But it somehow worked for resilient Georgia Tech, which got several explosive plays from its triple-option offense and a couple of key stops from its highly rated defense to defeat Virginia 35-25 on Saturday.
Zach Laskey and David Sims each ran for two touchdowns and Robbie Godhigh ran for another for Georgia Tech (5-3, 4-2 Atlantic Coast Conference), which never trailed and responded every time Virginia made it close. The Yellow Jackets, who entered the game second nationally in time of possession and 12th in yardage allowed, had the ball nearly 10 minutes less than Virginia and surrendered 444 yards — more than 100 more than their average.
Virginia’s David Watford was 43-of-61 for 376 yards and two touchdowns — setting school records for completions and attempts — and Darius Jennings and Tim Smith became the only receiving duo in Cavaliers history with at least 10 receptions each.
Yet the Yellow Jackets still found a way to win.
“It was kind of a crazy game with all of the turnovers and penalties,” said Georgia Tech coach Paul Johnson, who was particularly exasperated with a roughing-the-punter penalty that kept a Virginia touchdown drive alive. “We couldn’t get ourselves off the field defensively, but we weren’t giving up a lot of points, so we were able to hang in.”
The Cavaliers got no points off Georgia Tech’s five turnovers, four of them coming in the first half. Two gambles that failed near the goal line were huge.
The first one came on Virginia’s second possession of the game. The Cavaliers lined up for a 32-yard field-goal try on third-and-6, but an offsides penalty against Georgia Tech made it fourth-and-1. The crowd pleaded with coach Mike London to go for the first down. He obliged, but Watford overthrew fullback Billy Scrobacz in the flat.
Then late in the first half, trailing 14-10, the Cavaliers were at the Georgia Tech 2 after a pass interference penalty in the end zone. Kevin Parks was stuffed at the 1, and the Cavaliers called their final timeout. Rather than settle for the chip-shot field goal, London chose to go for the touchdown. Parks was stopped short, and the Yellow Jackets jubilantly sprinted to the locker room with their lead intact and with the momentum.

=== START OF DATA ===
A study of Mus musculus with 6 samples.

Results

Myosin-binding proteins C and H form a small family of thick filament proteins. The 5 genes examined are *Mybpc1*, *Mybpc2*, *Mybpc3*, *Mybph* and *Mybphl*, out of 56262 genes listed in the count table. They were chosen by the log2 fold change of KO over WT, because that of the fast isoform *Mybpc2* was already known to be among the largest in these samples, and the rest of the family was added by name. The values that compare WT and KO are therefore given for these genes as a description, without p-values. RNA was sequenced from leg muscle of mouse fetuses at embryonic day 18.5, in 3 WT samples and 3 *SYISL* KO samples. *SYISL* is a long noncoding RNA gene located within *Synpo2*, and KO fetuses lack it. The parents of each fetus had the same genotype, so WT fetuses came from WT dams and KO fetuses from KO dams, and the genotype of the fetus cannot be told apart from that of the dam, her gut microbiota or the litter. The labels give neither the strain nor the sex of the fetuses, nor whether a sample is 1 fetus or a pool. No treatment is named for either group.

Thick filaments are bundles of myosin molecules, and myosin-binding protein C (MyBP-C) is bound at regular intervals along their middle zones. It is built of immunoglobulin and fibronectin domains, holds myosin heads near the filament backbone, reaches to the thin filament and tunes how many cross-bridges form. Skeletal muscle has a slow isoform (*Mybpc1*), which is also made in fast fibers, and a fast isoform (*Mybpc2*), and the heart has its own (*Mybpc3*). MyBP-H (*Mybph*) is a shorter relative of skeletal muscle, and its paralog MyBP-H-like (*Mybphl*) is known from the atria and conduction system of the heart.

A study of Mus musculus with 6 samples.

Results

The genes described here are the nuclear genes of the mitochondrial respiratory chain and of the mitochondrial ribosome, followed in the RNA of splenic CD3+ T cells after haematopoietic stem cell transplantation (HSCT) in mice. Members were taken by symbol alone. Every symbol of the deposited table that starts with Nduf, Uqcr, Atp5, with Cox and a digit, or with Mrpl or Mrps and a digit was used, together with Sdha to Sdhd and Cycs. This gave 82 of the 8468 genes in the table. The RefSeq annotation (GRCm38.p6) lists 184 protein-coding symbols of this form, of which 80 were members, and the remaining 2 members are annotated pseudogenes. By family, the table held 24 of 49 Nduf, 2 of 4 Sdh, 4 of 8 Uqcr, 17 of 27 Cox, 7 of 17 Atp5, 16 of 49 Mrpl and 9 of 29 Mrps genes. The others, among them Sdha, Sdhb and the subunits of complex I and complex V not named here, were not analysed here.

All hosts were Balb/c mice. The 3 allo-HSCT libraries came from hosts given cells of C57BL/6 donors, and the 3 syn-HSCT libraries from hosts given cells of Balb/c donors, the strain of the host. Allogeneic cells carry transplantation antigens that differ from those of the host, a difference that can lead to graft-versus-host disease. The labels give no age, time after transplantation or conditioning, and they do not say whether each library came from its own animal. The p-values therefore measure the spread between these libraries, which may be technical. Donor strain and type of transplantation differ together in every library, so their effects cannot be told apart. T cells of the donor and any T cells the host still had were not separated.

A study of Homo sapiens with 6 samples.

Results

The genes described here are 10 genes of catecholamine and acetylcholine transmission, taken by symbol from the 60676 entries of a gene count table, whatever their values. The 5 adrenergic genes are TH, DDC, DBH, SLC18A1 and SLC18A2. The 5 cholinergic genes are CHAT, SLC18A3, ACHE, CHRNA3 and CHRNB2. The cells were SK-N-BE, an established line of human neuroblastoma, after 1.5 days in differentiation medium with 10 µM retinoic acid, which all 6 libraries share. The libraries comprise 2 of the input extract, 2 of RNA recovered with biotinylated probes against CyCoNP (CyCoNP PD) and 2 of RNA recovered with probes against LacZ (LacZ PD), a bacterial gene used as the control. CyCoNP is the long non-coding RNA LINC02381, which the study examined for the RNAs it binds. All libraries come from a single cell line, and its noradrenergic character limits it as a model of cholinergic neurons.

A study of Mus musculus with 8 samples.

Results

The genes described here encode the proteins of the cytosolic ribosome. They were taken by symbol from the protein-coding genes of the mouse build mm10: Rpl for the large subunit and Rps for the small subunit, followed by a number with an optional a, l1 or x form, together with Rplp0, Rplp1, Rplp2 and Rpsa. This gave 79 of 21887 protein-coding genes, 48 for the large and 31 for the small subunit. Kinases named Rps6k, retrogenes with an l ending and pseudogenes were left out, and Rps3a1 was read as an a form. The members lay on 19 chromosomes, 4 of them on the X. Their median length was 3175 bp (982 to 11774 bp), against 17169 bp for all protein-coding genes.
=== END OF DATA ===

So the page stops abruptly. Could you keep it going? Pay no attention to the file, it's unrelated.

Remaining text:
“It obviously is hard to look back on the game and reflect on those missed opportunities,” London said.
The game started with a here-we-go again feeling as the Yellow Jackets, who scored on the first play of the game in last year’s victory over Virginia, needed only three plays to go the length of the field and take a 7-0 led on David Sims’ 36-yard touchdown run.
But the offense seemed to lose focus after that, fumbling on back-to-back possessions.
“That was pretty uncharacteristic of us to fumble that many times,” Sims said. “I think the thing that impressed me most about our team is that we kept fighting back. We put the defense in bad positions, but they kept answering the bell.”
The Yellow Jackets compensated for their sloppy ball security with big plays. They had six plays from scrimmage over 30 yards, plus a 29-yard game-sealing touchdown run by Sims with less than two minutes left and a 59-yard kickoff return by Lynn Griffin that led to Laskey’s 7-yard touchdown run to make it 14-3 midway through the first quarter.
Godhigh’s 65-yard touchdown run in the fourth quarter was big, coming just four plays after Virginia had cut Georgia Tech’s lead to 21-17 on Watford’s 5-yard touchdown pass to Jennings.
Virginia rallied again, slicing the margin to 28-25 on Watford’s 12-yard touchdown pass to Jennings and 2-point conversion pass to Khalek Shepherd with 3:23 left.
The Cavaliers still had two timeouts left and a chance if they could just stop the Yellow Jackets, and the crowd was in a frenzy after Georgia Tech’s first play from its 25 went for no gain. But Vad Lee hit a wide-open Godhigh circling out of the backfield for a 38-yard gain and Sims scored three plays later.
Any remote chance Virginia had of coming from 10 down in the final two minutes was erased when Watford was intercepted by Brandon Watts.
Georgia Tech finished with 507 yards off offense as three backs rushed for over 100 — Laskey with 133, Godhigh with 111 and Sims with 107.
Virginia’s Jennings had 13 catches for 119 yards and two touchdowns and Smith had 10 receptions for 151 yards.